0

(805) 530-6596
monday - friday 8:00am - 4:30pm CST
Save 10% on your Total Order by using the Discount Code: FALL

4 Signs It's Time To Change Your Lawn Mower Tires

Image via Flickr by Richard Berg After a few years of cutting grass, your lawn mower's tires could start to show wear and tear. Look for these three signs that it's time for you to replace those tires so you can mow your lawn safely.

Your Tread is Dead
Without good tread, your tires won't get traction on dry ground, let alone wet grass. Check the tread regularly to make sure your not working harder than necessary when you mow your lawn. Common wisdom says that you can check tread by inserting a penny into the groove. If you can see all of Lincoln's head, then you should change the tire. You can also use a tire gauge if you happen to own one.

You Spot Dry Rot
Rubber tires can last for years, but they will eventually get dry rot. If you don't mow very often, then you could get dry rot before the tread thins. Dry rot is a serious matter, especially if you use a riding lawnmower. You do not want to experience a blowout! You should check for dry rot even if you use a push mower. The rot makes them unreliable. You never know when they will fall apart. Check for dry rot by looking at the tire's sidewall and the lowest part of the tread surface. If you see cracks forming in the rubber, then you know it's time to replace the tire.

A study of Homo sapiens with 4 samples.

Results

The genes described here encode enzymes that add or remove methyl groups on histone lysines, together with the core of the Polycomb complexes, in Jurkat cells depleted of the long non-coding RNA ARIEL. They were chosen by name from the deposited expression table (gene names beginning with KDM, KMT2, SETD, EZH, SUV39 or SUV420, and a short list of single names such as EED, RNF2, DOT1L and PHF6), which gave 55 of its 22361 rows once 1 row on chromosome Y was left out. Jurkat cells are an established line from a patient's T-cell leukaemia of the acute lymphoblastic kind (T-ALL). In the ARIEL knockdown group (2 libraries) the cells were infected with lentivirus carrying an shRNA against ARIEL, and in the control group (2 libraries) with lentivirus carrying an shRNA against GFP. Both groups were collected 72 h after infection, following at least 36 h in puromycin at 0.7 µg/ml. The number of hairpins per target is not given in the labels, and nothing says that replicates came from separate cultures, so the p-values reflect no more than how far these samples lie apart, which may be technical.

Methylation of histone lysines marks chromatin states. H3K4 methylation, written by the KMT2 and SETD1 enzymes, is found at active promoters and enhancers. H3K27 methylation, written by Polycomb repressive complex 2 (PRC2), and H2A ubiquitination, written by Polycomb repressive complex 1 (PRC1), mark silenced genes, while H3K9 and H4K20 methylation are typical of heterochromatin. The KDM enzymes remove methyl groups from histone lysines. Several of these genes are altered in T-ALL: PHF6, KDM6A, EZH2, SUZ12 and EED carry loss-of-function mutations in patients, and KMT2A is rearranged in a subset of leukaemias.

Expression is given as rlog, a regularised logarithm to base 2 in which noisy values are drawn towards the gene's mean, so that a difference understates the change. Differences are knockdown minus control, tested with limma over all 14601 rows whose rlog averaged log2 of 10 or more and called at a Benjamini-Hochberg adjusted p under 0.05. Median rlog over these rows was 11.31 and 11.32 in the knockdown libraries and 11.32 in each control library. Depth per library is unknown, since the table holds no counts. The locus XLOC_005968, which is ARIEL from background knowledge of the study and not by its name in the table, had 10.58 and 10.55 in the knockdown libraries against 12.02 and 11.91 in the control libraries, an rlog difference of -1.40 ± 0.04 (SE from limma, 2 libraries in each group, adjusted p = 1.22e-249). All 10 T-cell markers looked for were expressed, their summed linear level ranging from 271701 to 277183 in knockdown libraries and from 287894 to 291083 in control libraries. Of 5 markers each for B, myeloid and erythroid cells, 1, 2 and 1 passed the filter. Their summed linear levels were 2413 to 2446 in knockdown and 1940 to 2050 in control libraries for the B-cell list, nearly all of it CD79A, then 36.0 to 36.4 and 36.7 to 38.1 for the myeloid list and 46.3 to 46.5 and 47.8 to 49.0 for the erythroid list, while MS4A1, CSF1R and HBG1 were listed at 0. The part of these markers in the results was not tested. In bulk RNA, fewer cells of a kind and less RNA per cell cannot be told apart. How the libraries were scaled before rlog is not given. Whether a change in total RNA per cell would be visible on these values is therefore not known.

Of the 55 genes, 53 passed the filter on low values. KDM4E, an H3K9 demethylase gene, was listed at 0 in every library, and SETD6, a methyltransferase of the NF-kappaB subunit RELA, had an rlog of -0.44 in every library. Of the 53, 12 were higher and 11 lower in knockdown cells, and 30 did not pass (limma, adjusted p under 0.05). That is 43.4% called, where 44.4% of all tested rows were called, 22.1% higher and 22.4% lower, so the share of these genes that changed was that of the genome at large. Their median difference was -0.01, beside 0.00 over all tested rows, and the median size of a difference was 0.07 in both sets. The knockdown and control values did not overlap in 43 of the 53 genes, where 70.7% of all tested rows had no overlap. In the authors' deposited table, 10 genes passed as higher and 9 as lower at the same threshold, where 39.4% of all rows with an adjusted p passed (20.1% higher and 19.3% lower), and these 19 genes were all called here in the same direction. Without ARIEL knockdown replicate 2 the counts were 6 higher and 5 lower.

You Notice that the Lawn Mower Wobbles
Manufacturers design lawn mowers to wobble a little. If your lawn mower wobbles significantly, though, you should check the wheels. You might find that the axle nut needs adjusting, but might also find that one or more of the wheels has become uneven. Without stable wheels, your grass will look like someone with a bad haircut. Replacing damaged wheels could correct this problem.

You Lose Air Pressure Quickly
Considering that you only use your mower during warm seasons, you shouldn't have to put more air in its tires very often. Some air will leak during normal use, but many people find that they don't even need to refill tires every year. Losing air pressure quickly means you have a hole in the tire. If you don't replace it or have it patched, then you'll waste a lot of time filling it over and over. Have you ever left tires on a mower for way too long? Did anything bad happen because of the old tires? Share your thoughts in the comments below.